Markets are back on the warpath this morning, pushing Treasury yields and the dollar toward cyclical peaks. The US ten-year is holding near 16-year highs, the trade-weighted greenback is at its strongest levels in six months, risk-sensitive currencies are retreating, and global oil benchmarks keep pushing toward the $100 per barrel mark.

Two major factors are bolstering the US exceptionalism trade: strong domestic demand numbers are forcing investors to capitulate in the face of the Federal Reserve’s higher-for-longer mantra, and risk-reward ratios in other currencies are worsening as soaring oil prices threaten to raise costs in the major energy importing regions. And the beatings could continue: data from last Tuesday showed the net-long speculative dollar position flipping into positive territory for the first time since last November, while bullish bets on West Texas Intermediate rose to the highest since February 2022.

The euro is trading on a modestly-stronger footing, but last week’s losses remain largely unrecovered. The German Ifo institute’s measure of business expectations moved up to 82.9 in September from 82.7 in the prior month – a modest improvement, but one that certainly doesn’t paint an optimistic picture of underlying fundamentals, particularly after last week’s appallingly-weak purchasing manager indices.

Japan’s yen is gradually inching toward the 150 mark against the dollar, but is stuck within a narrow daily trading range as traders and speculators watch for signs of intervention. Government officials have stepped up jawboning efforts over the last month, but Governor Kazuo Ueda’s refusal to deliver anything resembling hawkish guidance at last week’s Bank of Japan meeting has renewed downward pressure on the exchange rate.

Chinese markets are seeing renewed outflows as the property sector keeps deteriorating. Both the onshore and offshore yuan exchange rates are holding beyond the 7.30 threshold against the dollar as the stocks of real estate firms plummet amid fears of a liquidation at the world’s most indebted developer, China Evergrande Group.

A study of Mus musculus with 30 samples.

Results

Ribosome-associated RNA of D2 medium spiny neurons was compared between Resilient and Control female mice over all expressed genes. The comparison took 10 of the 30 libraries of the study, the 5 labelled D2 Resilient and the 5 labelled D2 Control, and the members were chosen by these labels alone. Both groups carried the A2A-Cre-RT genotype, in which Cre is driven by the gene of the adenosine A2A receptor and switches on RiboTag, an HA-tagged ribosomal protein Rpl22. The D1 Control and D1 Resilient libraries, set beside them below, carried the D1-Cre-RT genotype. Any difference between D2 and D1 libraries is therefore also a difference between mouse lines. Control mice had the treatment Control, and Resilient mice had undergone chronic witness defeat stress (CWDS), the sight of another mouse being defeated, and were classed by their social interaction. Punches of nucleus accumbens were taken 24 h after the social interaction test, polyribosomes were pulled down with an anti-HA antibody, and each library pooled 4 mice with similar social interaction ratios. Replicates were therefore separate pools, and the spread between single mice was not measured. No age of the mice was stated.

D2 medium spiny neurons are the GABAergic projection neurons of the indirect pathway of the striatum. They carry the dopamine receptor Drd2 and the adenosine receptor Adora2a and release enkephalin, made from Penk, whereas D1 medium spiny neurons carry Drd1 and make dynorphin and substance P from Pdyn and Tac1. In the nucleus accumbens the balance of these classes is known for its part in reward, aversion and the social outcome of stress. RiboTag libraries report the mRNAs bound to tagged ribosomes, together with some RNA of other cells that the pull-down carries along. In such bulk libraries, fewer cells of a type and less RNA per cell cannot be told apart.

The US government is hurtling closer to a shutdown. House Speaker Kevin McCarthy is struggling to gain support for a short-term funding deal – or continuing resolution – that would buy time for further negotiation, facing strident opposition from the hard-right House Freedom Caucus and from former president Trump, who on the weekend posted a social media message suggesting that a shutdown could represent “the last chance to defund these prosecutions against me and other Patriots”. 

In recent decades, shutdowns have failed in achieving their aims, with popular opinion turning against the Republicans within days, even as key concessions remained unextracted. But this one – coming as the United Auto Workers strike ramps up, oil prices climb, and student loan repayments resume – could prove more painful for the economy.

We think this backdrop implies yields will follow historical patterns in falling as the funding deadline approaches – reflecting increased safe-haven demand and lowered expectations for Fed policy – with the dollar catching a bid. Markets could behave differently as long as inflation remains sticky and monetary policymakers retain a hawkish bias, but we don’t think markets have yet begun to question the creditworthiness of the United States itself – although an emerging markets-style rise in interest rates could be associated with future shutdowns if the political system continues its descent into dysfunction.